Raleigh, N.C. — That plastic Santa and light-up reindeer in your yard might be sharing space with political yard signs this month.
Filing for 2016 political races opens Tuesday at noon, two months earlier than usual, due to changes in the election calendar.
Here are six essential things to know about the formal start to North Carolina's campaign season.
WHY SO EARLY: Lawmakers moved up the 2016 primaries to March 15 in order to better position North Carolina in the presidential primary calendar. In prior years, Democratic and Republican presidential primaries have been all but settled before North Carolinians got to vote. This year, the state will be a big prize in the midst of the primary cycle.
WHEN DOES FILING BEGIN AND END: Candidates can begin filing at noon on Tuesday. Filing ends at noon on Monday, Dec. 21.
WHAT ARE THE BIG RACES: Aside from president, Republican U.S. Sen. Richard Burr faces re-election as does Republican Gov. Pat McCrory. McCrory is expected to face Attorney General Roy Cooper, a Democrat, in the general election, although Cooper must first get past a Democratic primary versus Durham lawyer Ken Spaulding. Burr will face the winner of a Democratic primary that includes former Wake County lawmaker Deborah Ross, Durham businessman Kevin Griffin and Spring Lake Mayor Chris Rey.
This is the first time since 2008 North Carolina's ballot will have races for president, U.S. senator and governor at the same time.
WHAT ELSE IS ON THE BALLOT: Lots. Including the governor, North Carolina has 10 officials elected statewide, including the agriculture commissioner, attorney general and lieutenant governor. The state's 13 members of the U.S. House are also up for election, as are 120 members of the state House and 50 members of the state Senate. Voters will also choose members of the judiciary, including one seat on the state Supreme Court and races for the Court of Appeals.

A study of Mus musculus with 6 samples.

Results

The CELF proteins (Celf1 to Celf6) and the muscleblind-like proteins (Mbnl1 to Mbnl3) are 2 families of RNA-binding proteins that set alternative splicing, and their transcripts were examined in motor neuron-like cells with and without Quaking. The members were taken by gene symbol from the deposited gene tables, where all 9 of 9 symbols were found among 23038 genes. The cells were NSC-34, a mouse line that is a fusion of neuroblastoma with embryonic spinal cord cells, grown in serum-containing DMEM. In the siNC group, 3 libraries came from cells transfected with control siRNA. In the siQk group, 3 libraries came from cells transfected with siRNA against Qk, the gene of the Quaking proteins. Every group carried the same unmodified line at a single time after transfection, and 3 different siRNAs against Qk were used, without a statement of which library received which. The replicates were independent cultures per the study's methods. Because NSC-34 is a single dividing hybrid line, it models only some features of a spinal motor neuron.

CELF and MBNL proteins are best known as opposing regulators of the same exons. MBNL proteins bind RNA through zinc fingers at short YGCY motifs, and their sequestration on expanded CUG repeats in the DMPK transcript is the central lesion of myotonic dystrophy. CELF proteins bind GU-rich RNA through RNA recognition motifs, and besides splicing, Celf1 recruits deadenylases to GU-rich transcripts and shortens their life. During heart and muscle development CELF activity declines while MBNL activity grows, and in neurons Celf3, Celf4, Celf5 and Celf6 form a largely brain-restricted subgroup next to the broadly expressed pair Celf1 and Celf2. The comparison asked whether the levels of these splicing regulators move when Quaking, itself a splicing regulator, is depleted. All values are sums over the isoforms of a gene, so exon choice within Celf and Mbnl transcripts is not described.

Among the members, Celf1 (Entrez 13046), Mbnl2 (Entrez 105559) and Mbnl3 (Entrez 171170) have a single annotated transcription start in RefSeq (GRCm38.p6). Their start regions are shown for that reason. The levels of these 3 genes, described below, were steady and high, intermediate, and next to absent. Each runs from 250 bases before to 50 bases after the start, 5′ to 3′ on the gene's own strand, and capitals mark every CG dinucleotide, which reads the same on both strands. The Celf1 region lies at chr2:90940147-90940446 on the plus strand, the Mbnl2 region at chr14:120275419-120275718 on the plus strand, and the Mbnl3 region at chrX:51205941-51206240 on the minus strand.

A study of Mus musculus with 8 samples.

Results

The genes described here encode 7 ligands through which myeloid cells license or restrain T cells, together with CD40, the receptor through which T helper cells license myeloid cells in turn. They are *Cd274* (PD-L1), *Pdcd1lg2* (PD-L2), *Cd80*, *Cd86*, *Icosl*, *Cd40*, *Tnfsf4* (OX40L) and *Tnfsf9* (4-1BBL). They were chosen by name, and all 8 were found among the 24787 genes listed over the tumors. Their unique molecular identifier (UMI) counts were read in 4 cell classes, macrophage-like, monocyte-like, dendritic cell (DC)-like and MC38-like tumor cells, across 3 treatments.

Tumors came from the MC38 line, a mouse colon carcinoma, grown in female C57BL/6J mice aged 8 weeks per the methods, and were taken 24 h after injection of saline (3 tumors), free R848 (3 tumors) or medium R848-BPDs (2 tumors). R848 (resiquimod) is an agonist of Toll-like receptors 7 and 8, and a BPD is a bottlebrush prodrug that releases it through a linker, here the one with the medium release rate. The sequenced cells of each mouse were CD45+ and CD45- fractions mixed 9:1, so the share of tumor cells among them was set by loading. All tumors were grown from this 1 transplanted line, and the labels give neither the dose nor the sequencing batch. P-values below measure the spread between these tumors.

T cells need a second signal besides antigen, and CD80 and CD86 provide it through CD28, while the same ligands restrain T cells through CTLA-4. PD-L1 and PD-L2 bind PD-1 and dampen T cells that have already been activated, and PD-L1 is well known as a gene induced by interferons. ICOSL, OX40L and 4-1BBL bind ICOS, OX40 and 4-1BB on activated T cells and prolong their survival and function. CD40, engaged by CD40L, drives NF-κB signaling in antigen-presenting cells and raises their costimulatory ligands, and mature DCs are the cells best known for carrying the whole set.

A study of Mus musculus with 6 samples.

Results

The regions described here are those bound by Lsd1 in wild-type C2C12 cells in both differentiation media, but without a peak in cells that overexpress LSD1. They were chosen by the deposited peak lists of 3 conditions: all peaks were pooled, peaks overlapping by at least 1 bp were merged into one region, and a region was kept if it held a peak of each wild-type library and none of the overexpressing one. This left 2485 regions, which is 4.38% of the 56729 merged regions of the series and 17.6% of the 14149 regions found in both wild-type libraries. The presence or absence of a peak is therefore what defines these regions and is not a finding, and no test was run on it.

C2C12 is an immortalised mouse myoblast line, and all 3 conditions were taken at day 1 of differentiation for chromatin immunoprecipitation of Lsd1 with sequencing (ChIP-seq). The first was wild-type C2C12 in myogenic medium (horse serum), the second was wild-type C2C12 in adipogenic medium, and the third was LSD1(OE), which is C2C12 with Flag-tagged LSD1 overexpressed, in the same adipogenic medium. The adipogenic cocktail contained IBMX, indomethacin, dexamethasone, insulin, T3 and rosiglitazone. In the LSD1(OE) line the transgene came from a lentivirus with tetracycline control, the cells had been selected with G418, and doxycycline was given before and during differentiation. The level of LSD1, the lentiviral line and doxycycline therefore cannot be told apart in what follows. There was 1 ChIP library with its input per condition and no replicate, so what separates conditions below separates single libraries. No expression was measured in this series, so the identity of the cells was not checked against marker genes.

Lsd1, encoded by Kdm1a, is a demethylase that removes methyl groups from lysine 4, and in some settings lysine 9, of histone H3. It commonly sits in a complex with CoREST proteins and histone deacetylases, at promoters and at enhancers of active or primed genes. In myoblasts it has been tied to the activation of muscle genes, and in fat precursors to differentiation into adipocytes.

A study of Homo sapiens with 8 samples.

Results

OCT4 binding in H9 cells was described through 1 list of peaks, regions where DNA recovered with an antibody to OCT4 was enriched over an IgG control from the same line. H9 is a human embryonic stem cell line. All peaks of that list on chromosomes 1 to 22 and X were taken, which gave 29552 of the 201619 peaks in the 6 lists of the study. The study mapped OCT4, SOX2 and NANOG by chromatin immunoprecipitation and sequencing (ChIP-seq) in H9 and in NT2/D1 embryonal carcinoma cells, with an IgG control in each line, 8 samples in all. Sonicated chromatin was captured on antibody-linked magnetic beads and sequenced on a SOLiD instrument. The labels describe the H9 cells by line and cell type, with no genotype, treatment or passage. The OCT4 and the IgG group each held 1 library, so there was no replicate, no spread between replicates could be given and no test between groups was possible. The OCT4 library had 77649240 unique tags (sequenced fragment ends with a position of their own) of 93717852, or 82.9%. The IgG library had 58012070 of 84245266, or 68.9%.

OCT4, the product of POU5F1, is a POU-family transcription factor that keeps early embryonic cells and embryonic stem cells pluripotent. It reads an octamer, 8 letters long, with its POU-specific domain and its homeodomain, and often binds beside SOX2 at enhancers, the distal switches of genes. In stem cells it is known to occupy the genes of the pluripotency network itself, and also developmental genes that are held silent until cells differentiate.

Voters across the state will also get to decide whether the state should borrow $2 billion in bonds for university and community college buildings, upgrading park facilities and other purposes.
Locally, voters will choose members of their county board of commission and board of education.
WHO'S IN AND OUT: Already, 19 members of the General Assembly have either said they will not run again or have already resigned. The highest-profile name to bow out of a statewide race is Treasurer Janet Cowell, with most other members of the Council of State expected to run to keep their seats.
WHEN CAN I VOTE: Absentee voting by mail for the primary begins on Monday, Jan. 25. The in-person early voting period begins on Thursday, March 3, and ends on Saturday, March 12. Primary election day is Tuesday, March 15. Looking ahead, the General Election in on Tuesday, Nov. 8.
Among the most important dates to remember is Feb. 19, the date by which voters need to register for the primary.